Most Landlords Expect Tax Changes to Affect Them

60 per cent of landlords anticipate that they will be affected by the upcoming changes to income tax relief and the stricter mortgage affordability checks foisted upon them.

Results from the latest Property Investor Survey revealed that the majority of landlords felt that they would be affected by the changes, however a sizeable 29 per cent expected to feel no impact. However, those who are not affected are likely to be operating their portfolios through limited company vehicles subject to corporation tax, or merely basic rate income tax payers.

A further 11 per cent of landlords and investors are unsure as to how the shifting regulation will affect them.

CEO at Mortgages for Business, David Whittaker, said: ‘The percentages feel about right for the market in general and it’s certainly been a tough 18 months or so for landlords, so it’s encouraging to learn that the majority are getting to grips with changes that will dramatically alter the way they operate. We are still encouraging landlords who haven’t already taken professional advice on the matter to do so ASAP, as some may find that the new formula will tip them into the next tax bracket leaving them worse off. The new regime starts in April, so there’s not much time left to make strategic decisions and take action.’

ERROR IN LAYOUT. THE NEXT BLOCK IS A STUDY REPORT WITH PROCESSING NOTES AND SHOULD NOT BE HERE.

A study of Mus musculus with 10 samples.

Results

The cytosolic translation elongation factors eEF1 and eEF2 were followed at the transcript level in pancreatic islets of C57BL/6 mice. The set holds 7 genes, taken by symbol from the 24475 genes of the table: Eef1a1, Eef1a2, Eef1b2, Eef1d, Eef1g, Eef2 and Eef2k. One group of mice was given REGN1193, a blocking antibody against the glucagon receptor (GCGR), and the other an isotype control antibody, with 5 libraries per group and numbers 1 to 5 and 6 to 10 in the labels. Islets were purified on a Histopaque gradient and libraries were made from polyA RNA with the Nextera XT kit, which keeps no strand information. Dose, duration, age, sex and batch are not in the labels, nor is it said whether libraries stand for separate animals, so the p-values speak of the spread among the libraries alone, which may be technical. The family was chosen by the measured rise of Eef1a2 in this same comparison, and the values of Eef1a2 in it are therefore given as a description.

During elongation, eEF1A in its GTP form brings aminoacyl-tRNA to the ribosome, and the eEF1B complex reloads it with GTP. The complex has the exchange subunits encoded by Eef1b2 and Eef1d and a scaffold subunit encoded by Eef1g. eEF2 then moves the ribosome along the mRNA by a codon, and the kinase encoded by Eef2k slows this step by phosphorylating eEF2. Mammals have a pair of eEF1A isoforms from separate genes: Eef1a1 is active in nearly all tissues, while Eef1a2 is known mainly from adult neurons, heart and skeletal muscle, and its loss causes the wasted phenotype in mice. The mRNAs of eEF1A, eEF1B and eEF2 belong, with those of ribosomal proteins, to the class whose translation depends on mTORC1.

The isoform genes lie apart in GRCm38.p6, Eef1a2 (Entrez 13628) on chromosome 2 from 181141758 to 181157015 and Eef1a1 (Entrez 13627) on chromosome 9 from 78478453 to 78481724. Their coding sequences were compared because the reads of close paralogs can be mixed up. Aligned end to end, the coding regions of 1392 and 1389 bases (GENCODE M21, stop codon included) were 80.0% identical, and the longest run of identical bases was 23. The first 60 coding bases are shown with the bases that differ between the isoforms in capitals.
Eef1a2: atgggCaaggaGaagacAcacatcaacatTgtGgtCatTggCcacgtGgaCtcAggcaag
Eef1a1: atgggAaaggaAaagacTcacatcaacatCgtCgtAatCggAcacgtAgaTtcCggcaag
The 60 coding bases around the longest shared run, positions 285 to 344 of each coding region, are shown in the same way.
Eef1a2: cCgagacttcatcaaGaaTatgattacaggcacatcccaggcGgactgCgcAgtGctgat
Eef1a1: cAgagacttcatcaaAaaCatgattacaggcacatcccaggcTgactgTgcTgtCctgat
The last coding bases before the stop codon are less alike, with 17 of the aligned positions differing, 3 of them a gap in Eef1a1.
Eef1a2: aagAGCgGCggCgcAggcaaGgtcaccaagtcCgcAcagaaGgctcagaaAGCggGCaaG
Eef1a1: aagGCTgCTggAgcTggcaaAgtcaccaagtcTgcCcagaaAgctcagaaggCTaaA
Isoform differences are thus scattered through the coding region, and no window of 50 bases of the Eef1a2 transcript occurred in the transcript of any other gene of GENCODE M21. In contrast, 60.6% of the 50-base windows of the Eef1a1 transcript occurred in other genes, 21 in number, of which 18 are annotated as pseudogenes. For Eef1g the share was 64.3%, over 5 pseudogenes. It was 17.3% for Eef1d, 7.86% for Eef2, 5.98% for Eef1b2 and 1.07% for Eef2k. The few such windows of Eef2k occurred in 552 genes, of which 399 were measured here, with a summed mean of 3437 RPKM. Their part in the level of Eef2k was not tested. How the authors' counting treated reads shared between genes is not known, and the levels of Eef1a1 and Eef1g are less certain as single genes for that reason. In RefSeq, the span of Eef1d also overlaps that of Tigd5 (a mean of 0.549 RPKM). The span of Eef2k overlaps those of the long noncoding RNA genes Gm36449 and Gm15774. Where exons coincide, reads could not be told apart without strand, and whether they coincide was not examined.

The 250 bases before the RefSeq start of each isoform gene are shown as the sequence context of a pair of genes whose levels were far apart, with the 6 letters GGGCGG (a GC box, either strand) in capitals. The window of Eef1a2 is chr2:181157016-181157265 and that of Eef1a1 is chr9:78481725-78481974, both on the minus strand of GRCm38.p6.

Similar results were recorded regarding investor understanding of new Prudential Regulation Authority (PRA) guidelines on buy to let lending, again with 60 per cent of respondents claiming to understand the impact these will have on how much they can borrow. 25 per cent cited a partial understanding of the ruling, which means that from the 1st January 2017, buy to let lenders have to tighten their affordability calculations in correspondence with the increased tax burden being imposed on landlords borrowing personally.

As a result of this, many landlords are moving towards incorporation, with 32 per cent of those surveyed reportedly owning at least one property in a limited company, up 2 per cent on May 2016, proving the resilience of landlords and their commitment to adapting to market change.